Taper or Train Harder?

What’s a blob to do? 

HMS Tapir (P335)
Image via Wikipedia

With only thirteen days until the Austin Half Marathon, (cue milk through nose – THIRTEEN DAYS?!?!), I am in the “tapering zone.”  For all normal people out there, “tapering” means reducing training strategically in the last weeks before the race in order to recover from hard long-run training and to be primed and peaking (not puny and peaked) on the big day.  If you’re anything like me (Procrastinators of the world unite!…Tomorrow.), this strikes you as not only counter-intuitive but downright ill-advised.  I’m an up-all-night, midnight-oil, pass-the-chocolate-covered-espresso-beans kind of crammer.  How can you cram if you’re supposed to taper? 

Brazilian Tapir at Longleat
Image by skoop102 via Flickr

So like a good, green, uninformed newbie, I hit the net.  And like all good, green, uninformed newbies, I’m more confused now than ever before.  None of the running mags agree on how to taper, and now the bloggers disagree on whether or not to taper at all.  I don’t even have any time to figure this whole thing out since the half marathon is only THIRTEEN DAYS AWAY.  I think my only recourse is to take the weenie way out, hedge my bets, and try to find some sort of middle ground.  The middle-est middle ground approach to tapering I could find was over at Active.com:

Start cutting your mileage two weeks before the race. The first week, run 75 percent of your normal mileage; the final week, run 50 percent. The first week, run 4 x 800 meters at your 10K race pace with a 400-meter jog between repeats.

The final week, run 4 x 400 meters at 5K race pace with a 200-meter jog between repeats. A few days before the race, jog two miles, then run 6 to 8 x 100-meter strides at 90 percent effort.

On track days: 1) Wear the shoes you plan to use in the marathon; 2) jog four laps before and after the workout; 3) walk or jog slowly during the recovery interval.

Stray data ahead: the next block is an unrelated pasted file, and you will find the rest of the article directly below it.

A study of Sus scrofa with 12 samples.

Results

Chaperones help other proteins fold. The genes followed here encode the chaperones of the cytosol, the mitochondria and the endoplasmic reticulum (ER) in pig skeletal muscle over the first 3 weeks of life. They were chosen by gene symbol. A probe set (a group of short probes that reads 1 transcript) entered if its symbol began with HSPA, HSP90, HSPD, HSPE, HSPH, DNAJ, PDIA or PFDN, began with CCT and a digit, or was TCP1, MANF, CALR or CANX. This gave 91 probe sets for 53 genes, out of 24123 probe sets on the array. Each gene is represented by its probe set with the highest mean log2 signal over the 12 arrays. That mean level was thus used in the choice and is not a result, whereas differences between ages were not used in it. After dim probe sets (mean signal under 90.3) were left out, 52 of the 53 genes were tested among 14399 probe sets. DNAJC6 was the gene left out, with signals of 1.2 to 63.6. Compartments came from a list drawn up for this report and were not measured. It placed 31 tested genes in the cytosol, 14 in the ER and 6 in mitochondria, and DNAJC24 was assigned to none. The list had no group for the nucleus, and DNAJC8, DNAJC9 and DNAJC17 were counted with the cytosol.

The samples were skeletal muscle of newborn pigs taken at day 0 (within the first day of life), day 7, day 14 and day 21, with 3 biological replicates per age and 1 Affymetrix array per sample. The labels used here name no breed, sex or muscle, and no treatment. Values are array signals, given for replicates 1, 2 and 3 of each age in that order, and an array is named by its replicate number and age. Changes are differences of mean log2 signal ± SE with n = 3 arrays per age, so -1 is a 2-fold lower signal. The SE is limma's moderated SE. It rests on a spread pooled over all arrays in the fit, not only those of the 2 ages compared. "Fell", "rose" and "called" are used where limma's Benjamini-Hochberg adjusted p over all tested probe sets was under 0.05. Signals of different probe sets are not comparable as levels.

On “easy” days: 1) Run no faster than marathon goal pace; and 2) add walking breaks if you plan to walk at times during the marathon.

On rest days: Don’t even cross-train. Rest.” 

 

The Brazilian Tapir.
Image via Wikipedia

 

 

So, even though I JUST updated the site with the February Mantra and Goals for the Bloblessness Project, I am already planning to stray from that plan.  I’m leaving it posted though, because I think this moment is pretty salient in my experience as a blob.  I outlined my February Mantra and Goals back before the new year.  I had no idea what I was doing, then (as opposed to now, thankyouverymuch!).  It is important to set goals, to make them sufficiently specific so that you can not only envision them materializing, and to freaking stick to them.  But it’s equally important to reassess when circumstances change.  Like when you become injured, or when you know you can reach higher, or when you learn something new you could never have incorporated into the goal to begin with (stupid tapering).  So, now that I’m on to month two of the Bloblessness Project and only THIRTEEN days away from the half-marathon – 

Here goes nothing!

 


  1. Tapering is the way to go. As you can see by what your research is showing putting a bunch of long mile runs isn’t going to help you towards your goal as much as some interval training. That being said if you can run your 10 mile runs I don’t think the last 3.1 miles is going to be unattainable.

    Do you have a goal finish time for the race?

  2. Goal finish time was 2:10. Busted that by about 15 minutes, which is a bummer, but I think I can easily get that time down for the next one. Besides, the best thing about your first race is that it’s an instant PR!